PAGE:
It’s been 10 years since the Sept. 11 attacks, but Americans’ views on whether the U.S. is winning the war on terror are where they were just a month after the World Trade Centers fell, a new poll shows.
Just slightly more Americans — 46 percent — say they think the United States and its allies are winning, compared to the 42 percent who say they believe neither the terrorists nor the U.S. are succeeding, according to Gallup.
These figures mirror those taken in October 2001, the month the war in Afghanistan began, when 42 percent of Americans said the U.S. and its allies were winning the war on terror, and 44 percent said neither side.
Today, nine percent say the terrorists are winning — among the lowest figures Gallup has recorded — while 11 percent said they thought so in 2001.
Although views today and ten years ago are virtually identical, public perception has fluctuated tremendously in the time in between.
Most notably, at points in 2002 and 2003, two-thirds of Americans said they felt the U.S. was winning. But by the summer of 2003, Americans saying they believed the U.S. was winning fell below the majority level and has not polled above that since.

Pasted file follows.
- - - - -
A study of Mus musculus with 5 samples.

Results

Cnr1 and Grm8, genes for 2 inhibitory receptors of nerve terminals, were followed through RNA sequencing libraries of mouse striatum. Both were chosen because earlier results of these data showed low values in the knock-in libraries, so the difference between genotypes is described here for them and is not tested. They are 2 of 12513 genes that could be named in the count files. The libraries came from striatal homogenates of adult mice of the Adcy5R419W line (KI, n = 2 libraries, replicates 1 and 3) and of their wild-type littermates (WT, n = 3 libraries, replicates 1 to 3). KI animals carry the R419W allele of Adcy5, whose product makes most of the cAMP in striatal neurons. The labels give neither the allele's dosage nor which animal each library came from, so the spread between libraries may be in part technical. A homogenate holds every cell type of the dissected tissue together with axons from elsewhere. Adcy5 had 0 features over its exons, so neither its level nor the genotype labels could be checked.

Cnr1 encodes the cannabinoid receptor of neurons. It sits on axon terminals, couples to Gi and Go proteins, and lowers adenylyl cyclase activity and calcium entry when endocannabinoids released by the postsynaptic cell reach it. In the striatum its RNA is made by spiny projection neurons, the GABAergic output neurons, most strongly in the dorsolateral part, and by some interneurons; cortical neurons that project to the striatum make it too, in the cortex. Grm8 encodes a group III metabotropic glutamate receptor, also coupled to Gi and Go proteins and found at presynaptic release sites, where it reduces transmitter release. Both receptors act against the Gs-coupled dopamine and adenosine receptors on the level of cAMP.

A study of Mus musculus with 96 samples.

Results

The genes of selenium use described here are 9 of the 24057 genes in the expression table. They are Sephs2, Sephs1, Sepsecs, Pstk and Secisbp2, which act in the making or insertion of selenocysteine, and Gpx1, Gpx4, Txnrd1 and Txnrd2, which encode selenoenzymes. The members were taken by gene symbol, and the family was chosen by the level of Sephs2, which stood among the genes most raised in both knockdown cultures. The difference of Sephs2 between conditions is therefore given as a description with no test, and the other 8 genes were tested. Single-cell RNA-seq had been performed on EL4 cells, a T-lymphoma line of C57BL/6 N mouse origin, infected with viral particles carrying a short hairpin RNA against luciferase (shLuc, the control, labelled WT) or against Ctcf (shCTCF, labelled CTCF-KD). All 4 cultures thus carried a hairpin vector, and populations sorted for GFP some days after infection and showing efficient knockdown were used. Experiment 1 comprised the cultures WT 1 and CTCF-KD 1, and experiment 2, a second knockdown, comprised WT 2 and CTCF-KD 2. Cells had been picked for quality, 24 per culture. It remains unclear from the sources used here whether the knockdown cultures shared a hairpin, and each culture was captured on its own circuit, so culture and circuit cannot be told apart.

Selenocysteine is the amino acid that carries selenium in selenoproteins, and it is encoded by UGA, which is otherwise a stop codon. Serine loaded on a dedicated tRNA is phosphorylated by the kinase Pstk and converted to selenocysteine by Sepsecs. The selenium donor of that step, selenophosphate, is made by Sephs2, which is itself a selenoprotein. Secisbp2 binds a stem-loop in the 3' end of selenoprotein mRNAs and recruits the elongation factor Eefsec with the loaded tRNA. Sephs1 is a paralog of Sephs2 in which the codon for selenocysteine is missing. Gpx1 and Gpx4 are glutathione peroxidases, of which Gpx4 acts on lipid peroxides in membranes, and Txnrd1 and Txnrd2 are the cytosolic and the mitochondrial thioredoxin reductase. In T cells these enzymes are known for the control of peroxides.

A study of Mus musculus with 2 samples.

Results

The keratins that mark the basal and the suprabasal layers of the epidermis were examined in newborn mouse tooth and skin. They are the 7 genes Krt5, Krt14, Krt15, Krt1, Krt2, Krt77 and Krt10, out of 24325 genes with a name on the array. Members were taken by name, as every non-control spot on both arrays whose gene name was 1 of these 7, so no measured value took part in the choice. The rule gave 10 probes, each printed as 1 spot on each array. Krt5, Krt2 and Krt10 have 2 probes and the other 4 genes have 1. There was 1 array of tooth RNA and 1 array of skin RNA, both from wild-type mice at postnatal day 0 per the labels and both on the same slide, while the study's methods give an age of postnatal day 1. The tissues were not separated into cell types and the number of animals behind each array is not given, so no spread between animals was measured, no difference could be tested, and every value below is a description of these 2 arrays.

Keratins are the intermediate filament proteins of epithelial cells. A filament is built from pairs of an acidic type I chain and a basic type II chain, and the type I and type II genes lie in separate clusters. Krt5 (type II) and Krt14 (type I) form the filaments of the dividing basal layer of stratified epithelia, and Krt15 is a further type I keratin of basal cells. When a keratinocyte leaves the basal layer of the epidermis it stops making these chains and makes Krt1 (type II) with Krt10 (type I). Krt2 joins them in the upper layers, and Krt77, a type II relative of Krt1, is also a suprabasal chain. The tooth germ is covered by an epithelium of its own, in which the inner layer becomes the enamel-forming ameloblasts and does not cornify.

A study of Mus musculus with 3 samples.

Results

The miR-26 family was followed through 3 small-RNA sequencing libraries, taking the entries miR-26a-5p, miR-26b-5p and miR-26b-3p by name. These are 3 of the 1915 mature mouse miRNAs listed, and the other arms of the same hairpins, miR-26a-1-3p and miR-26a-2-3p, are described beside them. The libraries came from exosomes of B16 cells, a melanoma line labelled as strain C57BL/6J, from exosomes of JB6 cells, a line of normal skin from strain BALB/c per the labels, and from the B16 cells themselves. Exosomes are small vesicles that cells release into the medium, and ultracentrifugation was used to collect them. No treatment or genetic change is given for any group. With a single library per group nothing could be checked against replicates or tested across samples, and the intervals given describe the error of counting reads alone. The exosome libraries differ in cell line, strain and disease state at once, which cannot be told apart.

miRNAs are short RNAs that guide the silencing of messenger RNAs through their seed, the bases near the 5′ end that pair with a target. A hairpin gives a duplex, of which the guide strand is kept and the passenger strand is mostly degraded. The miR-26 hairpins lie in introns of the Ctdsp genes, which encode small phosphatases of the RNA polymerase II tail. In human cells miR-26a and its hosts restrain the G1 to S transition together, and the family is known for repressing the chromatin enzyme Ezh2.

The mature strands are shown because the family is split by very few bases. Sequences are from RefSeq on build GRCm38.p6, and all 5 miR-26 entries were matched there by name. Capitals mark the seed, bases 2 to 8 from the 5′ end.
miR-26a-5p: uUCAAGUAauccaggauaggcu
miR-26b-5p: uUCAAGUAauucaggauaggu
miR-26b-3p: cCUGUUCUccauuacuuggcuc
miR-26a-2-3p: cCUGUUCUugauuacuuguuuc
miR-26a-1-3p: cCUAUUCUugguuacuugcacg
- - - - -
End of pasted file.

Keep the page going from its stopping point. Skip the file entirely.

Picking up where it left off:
The all-time low for those feeling the U.S. was winning the war came in June 2007, with just 29 percent of Americans saying the U.S. and its allies were succeeding.
And most Americans — 59 percent — say terrorists will always find a way to launch major attacks no matter what the U.S. government does, a figure just one point off from the 60 percent who said the same in Sept. 2002.
The poll was conducted Aug. 11-14 and surveyed 1,008 adults. The maximum margin of sampling error is plus or minus four percentage points.